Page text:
Tuesday, December 30, 2008

Beyond Gold Farming: The Economics Of Virtual Worlds (Introduction)

(Several months (!) ago, we had the good fortune here at Mercyhurst to have a truly gifted speaker give a great lecture about the economies and economics of virtual worlds in a genuinely unique manner. I am just now getting around to writing about it...)


First, A Little History

Beginning with last year's student project into possible Islamic extremist use of Second Life and YouTube, I have begun to become increasingly interested in how virtual worlds and augmented reality will impact our notions of national security -- what are the threats and opportunities (if any) presented by these new technologies?

Over the summer I had the occasion to further explore this topic with a large, diverse and fascinating group of people from a variety of different disciplines. I came away from the experience convinced that this was not only a topic worth exploring but also one that would likely facilitate learning. Many of my students, after all, were already into this stuff -- a trend that I think is highly likely to continue. Figuring out how best to teach (and what can one usefully learn) in these high interest environments seemed to make some sense.

With this in mind, we formed a small, all volunteer research group (AKA "a bunch of people talking about the same thing (more or less)") to explore the possibilities of these new technologies. We gave it a grand name (the Mercyhurst Virtual Worlds Initiative) and set about trying to figure out what that might mean.

We decided to focus on two virtual environments to begin with -- one open and one closed. For the open environment we chose Second Life. It is arguably the best-known virtual world (though far from the largest) and its low cost of entry (free) and well-developed environment made it particularly attractive.

For the closed environment we chose the massively multiplayer online role-playing game, World Of Warcraft or "WoW" as it is often called. We chose WoW becaue it IS the largest such game (with 11.5 million players and growing) and because a number of the Intiative's members were already very familiar with the game and its mechanics.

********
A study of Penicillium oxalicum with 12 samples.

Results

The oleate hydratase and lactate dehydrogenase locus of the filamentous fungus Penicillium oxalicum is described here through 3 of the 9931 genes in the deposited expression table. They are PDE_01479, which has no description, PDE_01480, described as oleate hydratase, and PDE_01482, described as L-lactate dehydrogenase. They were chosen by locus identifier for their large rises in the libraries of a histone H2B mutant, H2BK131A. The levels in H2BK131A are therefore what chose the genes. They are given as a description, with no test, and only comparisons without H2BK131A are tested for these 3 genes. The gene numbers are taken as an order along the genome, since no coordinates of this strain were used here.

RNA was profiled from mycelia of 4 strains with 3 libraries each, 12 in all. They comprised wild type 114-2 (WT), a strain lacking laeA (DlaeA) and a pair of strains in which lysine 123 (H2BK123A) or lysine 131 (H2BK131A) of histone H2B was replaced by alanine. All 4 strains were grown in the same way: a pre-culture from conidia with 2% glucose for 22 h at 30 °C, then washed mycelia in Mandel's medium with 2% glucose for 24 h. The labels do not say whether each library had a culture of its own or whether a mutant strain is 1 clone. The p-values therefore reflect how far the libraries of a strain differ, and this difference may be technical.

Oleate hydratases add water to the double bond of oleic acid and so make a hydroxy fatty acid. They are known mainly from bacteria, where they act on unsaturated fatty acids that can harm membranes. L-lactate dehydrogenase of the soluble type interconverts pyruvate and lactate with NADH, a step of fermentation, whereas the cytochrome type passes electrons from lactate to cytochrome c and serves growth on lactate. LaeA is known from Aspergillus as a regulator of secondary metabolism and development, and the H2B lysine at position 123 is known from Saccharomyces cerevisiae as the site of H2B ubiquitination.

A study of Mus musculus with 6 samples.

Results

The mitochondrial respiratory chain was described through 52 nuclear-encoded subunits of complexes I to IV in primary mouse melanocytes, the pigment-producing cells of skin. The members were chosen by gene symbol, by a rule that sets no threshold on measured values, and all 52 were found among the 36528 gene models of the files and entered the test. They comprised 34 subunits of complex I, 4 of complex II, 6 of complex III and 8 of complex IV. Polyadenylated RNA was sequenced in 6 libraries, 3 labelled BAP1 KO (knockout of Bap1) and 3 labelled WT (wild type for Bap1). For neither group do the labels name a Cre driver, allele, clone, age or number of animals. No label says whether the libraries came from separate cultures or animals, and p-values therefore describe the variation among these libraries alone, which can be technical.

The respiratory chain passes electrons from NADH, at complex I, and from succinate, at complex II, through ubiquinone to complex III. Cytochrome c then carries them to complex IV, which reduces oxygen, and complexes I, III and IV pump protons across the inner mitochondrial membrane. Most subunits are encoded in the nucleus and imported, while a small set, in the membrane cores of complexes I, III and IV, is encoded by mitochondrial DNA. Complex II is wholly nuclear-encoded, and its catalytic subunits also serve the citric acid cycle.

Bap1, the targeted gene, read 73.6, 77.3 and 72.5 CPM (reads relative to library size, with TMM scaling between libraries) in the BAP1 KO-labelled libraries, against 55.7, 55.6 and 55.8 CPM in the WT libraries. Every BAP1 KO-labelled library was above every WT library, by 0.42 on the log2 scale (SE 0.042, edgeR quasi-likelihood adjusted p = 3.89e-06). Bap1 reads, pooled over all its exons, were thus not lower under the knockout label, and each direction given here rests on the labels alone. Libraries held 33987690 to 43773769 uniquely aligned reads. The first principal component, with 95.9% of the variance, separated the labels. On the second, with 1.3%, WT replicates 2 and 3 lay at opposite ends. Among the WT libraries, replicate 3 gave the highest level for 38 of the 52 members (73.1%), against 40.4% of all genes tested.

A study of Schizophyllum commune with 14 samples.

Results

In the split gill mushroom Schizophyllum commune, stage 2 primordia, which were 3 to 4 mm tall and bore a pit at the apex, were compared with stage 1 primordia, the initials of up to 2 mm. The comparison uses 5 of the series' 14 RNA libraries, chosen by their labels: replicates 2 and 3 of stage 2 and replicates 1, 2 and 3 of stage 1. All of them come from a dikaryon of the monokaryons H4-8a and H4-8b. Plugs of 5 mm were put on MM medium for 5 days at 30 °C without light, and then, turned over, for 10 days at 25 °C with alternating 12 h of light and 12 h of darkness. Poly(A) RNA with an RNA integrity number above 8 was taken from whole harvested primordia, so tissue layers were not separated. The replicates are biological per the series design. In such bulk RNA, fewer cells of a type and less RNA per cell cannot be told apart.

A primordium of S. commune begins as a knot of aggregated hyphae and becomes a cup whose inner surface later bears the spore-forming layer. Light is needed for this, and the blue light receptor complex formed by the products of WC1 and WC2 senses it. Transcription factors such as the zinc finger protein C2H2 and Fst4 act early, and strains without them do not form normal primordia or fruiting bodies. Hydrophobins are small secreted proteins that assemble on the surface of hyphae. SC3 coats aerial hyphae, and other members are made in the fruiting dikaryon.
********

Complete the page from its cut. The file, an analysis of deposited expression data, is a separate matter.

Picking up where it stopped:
• The students also established a wiki for the Intiative. It serves mostly as a way to organize events, collectively compile notes and other info of interest to the group. It is not designed to be a Wikipedia-like product or the basis for a finished analytic report. It is really just a "place for our stuff" (You can take a look at it if you like but the organization is fairly idiosyncratic and its utility to anyone outside the Initiative is questionable...).
Picking A Topic

Economics is one of the places where the virtual is already blurring with the real. Real currencies today have a strong virtual element to them. Most transactions in dollars or euros or yen are little more, in reality, than the exchange of a torrent of 1's and 0's across the internet.

Likewise, many virtual currencies, such as Linden Dollars or WoW Gold, are actually or effectively exchangable for harder currencies. The size of these virtual economies is still fairly modest but the possibilities for large-scale money laundering are there and these virtual currencies are attracting the attention of regulators in places like China and Iceland.

Despite these pressing and very real issues involving virtual economies, one aspect -- so-called "gold farming", or the practice of using inexpensive labor in under-developed countries to harvest virtual currencies for sale to players in wealthier countries for real money -- has, to a certain extent, captured the public imagination and dominated the discussion until fairly recently (See the video below for an introduction to gold farming).



Fortunately, one of the people I happened to meet over the summer was able to address, in a sophisticated yet accessible manner, not only the issue of gold farming but also the broader issues tied up with virtual economies. It was a simple thing to determine that economics should be the Intiative's first topic and that getting this guy as a speaker should be our first project. Simple in concept, that is...

Tomorrow: The Speaker And The Setting

4 comments:

Luke said...

The Urban Warfare Analysis Center has written some related papers (list of products http://www.uwac-ok.com/research.html). The video on the front page of the site specifically mentions the economy of Second Life.

Unfortunately, UWAC doesn't give the public access to its full-text products. But its worth a shot to see if they would fulfill a request from an intell studies student.

And the website shows internship opportunities too.

Lenny Raymond said...

Great introduction to a fascinating topic! Looking forward to reading more.

-lenny

milnews.ca said...

Good stuff - a bit more, from a session by NDU's , Dr. Dwight Toavs, at September's ODNI Open Source conference (at Wired.com's Danger Room):
http://blog.wired.com/defense/2008/09/world-of-warcra.html

Thanks for sharing the MCII wiki!

Kirk said...

Excellent! Looking forward to reading more. I am pretty excited about this concept.